Companies line up to weigh in on proposed $300B China tariffs during hearings

Companies line up to weigh in on proposed $300B China tariffs during hearings

A slew of companies ranging from Kenneth Cole fashion to Plumbing Manufacturers International to the streaming device Roku were scheduled to present their positions on the tariffs, which along with existing ones, would place a duty on nearly every Chinese import to the United States.


Many companies depend on Chinese imports for at least part of their supply chain, and the additional tariffs would put them in a position to either swallow lower revenues, increase prices to their buyers, or look for alternative means of supply, which can be an expensive and lengthy process.

The Chamber of Commerce, the largest business lobby, has spoken out strongly against tariffs.

"The administration did not heed the numerous warnings from American consumers and businesses about rising costs and lost jobs on Main Street, in factories, and on farms and ranches across the country," Chamber CEO Thomas Donohue said when Trump announced the last round of tariffs.

Groups that compete with Chinese products, however, were expected to voice support for new tariffs.

The National Council of Textile Organizations (NCTO), for example, not only applauded the effort, but complained that some categories had been left off the list of proposed tariffs.

“There is little doubt that China’s extreme position in the global textile and apparel marketplace has been advanced by an elaborate system of illegal practices, that include state sponsored subsidies, unethical labor and environmental practices and theft of intellectual property,” said Daniel Nation, Director of Government Relations for Parkdale Mills, which is a member of the NCTO.

He said that the exclusion of finished textile and apparel products from the tariff list "greatly diminished" the effectiveness of the tariffs.

Trump argues that tariffs will help pressure China to agree to a favorable trade deal with the United States.

"Everyone’s trying to get our money, China" he told CNBC last week. "And the China deal’s going to work out. You know why? Because of tariffs," he continued.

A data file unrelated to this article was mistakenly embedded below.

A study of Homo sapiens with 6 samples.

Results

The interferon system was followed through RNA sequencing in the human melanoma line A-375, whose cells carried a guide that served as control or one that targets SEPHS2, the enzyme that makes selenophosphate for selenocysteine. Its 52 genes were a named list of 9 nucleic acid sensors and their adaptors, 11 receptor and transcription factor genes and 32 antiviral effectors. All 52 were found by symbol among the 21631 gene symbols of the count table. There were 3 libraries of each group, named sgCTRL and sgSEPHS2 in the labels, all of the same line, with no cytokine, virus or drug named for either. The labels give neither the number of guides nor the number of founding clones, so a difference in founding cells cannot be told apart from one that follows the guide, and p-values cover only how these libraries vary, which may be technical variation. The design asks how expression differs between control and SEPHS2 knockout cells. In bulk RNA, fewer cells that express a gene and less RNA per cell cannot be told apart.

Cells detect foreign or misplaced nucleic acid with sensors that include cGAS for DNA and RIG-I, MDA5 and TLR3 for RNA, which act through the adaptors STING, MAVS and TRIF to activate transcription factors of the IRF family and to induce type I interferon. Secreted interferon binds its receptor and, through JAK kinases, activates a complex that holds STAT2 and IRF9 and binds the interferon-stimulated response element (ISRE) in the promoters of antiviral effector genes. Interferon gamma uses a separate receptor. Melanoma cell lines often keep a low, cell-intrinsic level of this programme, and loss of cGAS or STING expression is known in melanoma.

The strategy may not pay off. China has taken a harder line in negotiations, which alongside new tariffs led to an impasse at talks. Trump had set a deadline for meeting with Chinese President President Xi Jinping at the upcoming Group of 20 meeting in Japan, but backed off his demand shortly thereafter.

On Sunday, Commerce Secretary Wilbur RossWilbur Louis RossOvernight Energy: Top presidential candidates to skip second climate forum | Group sues for info on 'attempts to politicize' NOAA | Trump allows use of oil reserve after Saudi attacks Group sues Trump administration for info related to 'attempts to politicize NOAA' NOAA chief praises agency scientists after statement backing up Trump tweet MORE further played down expectations, saying that
"the most that will come out of the G-20 might be an agreement to actively resume talks.”

Ross also argued that China paid for the tariffs, despite ample evidence that the direct costs largely fall on U.S. consumers.

A survey of CEOs from the Business Roundtable last week found trade to be a top concern for businesses.

"Uncertainty over trade policy is making it more difficult for companies to invest and operate confidently," Business Roundtable President Joshua Bolten said at the time.